Echo JS 0.11.0

Hello guys,I just created a boilerplate that intergrates PostgreSQL with create-react-app through an API made with node.js/express.js and node-postgres.
If you are using PostgreSQL I would love to get your feedback in order to improve it and If the boilerplate makes it easier for your to create your applications I would appreciate if you star the repo!

https://github.com/Malldoror/react-postgres-boilerplate

tracker1 159 days ago. link 2 points
Only comments initially would be:

* rename the `.env` file, and add to git ignore file.  

* Add unit tests

* Add database initialization and versioning boilerplate logic.
rgxdd 158 days ago. link 1 point
Hey tracker1 thanks a lot for the suggestion, it's very helpful.
As I am also new to databases could you tell me more about database initialization and versioning boilerplate logic or provide me an article? 
Thanks
tracker1 158 days ago. link 1 point
I don't have any boilerplate or an article to show, but my approach is usually as follows.  These are regardless of the specific dbms, I've done it with MS-SQL and MySQL, I'd presume it should be an adaptable approach for Postres as well.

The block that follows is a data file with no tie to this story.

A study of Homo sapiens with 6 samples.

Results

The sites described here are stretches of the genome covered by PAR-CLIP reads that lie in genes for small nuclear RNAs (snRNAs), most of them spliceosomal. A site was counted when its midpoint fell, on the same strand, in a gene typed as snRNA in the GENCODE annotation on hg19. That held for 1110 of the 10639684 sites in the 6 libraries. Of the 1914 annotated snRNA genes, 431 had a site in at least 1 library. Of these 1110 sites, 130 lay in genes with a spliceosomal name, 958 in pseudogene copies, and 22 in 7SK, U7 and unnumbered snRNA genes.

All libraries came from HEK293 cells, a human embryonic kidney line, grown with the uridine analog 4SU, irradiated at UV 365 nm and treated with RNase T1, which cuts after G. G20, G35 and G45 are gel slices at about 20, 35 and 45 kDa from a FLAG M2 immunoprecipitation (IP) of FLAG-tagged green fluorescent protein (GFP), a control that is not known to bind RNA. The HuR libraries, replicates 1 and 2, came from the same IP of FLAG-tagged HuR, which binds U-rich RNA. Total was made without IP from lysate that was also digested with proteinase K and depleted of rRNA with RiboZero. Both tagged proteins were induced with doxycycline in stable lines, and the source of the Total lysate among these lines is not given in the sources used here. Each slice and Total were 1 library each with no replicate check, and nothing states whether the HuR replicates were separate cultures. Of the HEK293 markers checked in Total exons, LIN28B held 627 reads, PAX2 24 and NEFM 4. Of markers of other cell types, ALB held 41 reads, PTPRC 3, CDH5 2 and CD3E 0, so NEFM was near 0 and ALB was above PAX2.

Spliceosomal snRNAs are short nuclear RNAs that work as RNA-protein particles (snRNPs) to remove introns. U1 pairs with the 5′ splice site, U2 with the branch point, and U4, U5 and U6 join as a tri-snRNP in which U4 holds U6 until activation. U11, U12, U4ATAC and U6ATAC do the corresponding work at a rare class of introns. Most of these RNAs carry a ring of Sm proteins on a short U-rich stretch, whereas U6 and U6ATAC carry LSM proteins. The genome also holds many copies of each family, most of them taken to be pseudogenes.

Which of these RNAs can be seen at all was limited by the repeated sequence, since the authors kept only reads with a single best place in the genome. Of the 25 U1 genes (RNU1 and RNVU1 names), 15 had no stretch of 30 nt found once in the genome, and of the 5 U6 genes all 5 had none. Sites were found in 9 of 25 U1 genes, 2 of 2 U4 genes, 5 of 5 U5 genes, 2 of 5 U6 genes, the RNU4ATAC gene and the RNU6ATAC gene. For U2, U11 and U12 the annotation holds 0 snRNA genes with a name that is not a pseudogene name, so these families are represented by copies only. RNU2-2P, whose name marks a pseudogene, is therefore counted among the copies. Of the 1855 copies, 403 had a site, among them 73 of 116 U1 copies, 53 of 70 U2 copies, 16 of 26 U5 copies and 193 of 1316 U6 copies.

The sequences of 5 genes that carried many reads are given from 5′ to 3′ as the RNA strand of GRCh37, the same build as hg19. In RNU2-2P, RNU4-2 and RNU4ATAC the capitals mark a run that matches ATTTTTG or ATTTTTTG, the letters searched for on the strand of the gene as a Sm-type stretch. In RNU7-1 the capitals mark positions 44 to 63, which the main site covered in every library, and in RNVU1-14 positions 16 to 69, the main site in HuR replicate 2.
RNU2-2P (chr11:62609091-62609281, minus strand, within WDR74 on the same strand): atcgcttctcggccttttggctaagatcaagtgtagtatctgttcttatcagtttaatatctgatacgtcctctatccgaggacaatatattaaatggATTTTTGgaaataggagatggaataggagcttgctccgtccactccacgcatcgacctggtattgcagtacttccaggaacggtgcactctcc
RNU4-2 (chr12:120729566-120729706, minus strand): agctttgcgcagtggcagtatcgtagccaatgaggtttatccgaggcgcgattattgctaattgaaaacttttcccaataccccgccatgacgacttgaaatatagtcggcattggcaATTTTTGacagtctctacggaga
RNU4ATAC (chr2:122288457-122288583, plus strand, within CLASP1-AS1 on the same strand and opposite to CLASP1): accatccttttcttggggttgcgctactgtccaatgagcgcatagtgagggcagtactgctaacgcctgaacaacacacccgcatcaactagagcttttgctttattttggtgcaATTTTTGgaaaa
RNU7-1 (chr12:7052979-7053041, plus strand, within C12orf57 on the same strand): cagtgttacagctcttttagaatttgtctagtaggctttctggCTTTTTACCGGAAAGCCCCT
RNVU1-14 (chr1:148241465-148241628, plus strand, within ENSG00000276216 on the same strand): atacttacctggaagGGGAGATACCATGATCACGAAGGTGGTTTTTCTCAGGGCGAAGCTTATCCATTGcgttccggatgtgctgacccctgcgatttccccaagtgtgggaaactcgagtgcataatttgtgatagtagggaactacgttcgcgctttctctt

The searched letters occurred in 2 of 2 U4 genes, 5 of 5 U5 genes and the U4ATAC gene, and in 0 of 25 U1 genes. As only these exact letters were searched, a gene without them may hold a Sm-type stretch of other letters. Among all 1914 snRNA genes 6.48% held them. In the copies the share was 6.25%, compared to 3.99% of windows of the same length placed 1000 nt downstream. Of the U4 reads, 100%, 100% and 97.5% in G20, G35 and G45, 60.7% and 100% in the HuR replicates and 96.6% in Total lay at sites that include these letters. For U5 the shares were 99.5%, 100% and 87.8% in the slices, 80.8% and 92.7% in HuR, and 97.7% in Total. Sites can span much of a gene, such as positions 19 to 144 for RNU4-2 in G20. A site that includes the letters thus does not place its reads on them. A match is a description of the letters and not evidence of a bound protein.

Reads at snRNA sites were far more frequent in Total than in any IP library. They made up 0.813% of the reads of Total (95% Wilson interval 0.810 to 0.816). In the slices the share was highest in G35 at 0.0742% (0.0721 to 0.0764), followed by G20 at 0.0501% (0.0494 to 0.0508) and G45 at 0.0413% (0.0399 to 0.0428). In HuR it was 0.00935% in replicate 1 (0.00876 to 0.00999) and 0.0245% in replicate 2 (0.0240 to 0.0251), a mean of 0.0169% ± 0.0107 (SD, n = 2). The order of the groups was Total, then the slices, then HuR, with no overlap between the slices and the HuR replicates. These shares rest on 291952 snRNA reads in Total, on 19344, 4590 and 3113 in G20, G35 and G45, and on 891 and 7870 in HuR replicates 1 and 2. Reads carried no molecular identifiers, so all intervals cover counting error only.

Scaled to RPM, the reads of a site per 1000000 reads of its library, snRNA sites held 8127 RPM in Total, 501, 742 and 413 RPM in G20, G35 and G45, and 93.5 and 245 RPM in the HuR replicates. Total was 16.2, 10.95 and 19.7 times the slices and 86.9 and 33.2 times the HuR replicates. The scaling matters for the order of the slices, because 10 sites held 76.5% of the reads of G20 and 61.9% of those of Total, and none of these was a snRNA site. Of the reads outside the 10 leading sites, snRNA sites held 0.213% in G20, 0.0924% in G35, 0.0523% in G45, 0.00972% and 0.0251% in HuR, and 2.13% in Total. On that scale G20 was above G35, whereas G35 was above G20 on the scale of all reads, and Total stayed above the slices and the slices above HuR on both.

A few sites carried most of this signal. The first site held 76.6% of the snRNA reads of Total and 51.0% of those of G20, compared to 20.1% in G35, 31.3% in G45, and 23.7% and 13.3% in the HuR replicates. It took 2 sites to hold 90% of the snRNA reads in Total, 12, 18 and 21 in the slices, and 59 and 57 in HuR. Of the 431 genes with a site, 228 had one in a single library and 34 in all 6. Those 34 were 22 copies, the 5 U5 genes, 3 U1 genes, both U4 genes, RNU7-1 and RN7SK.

Have a directory for DB versions... this directory will then have a .js file for each version, it will export a default and optionally a rollback.

When the application first loads, it will run a pre-init db script that will first create an AppSettings key/value table, if it doesn't exist, where the key is nvarchar, and the value is json.  It will then check for a current version, setting it to 0, if there isn't a record.

The current version is compared against the directories, and if the current version is less than the directories indicate, it will get/set a *LOCK* record (mutex) in the database, then check again.  The *LOCK* will retry in a loop to set the mutex/lock record to its' own id, and after finished, delete that record.  After comparing again, it will run through each update script.

Each update script will be run, if no errors, then the version record will be updated to the current version.  If there is an error, and a rollback export exists, it will be run, and the application will log an output, and terminate.

After all updates have ran, and the lock record is cleared, the application will continue to start.  Optional: If it's a service, start the service, but return 503 responses until the database is updated.

This approach allows any number of deploys of the application/api to get the database to the current version, and the locking prevents more than one instance from trying to run updates.

It's worked out really well for me in applications I've built.  It's a bit of manual work for the setup, but after a few DB versions/releases tends to become more than worth it.  It also tends to be simpler than using some of the DB/version management tools.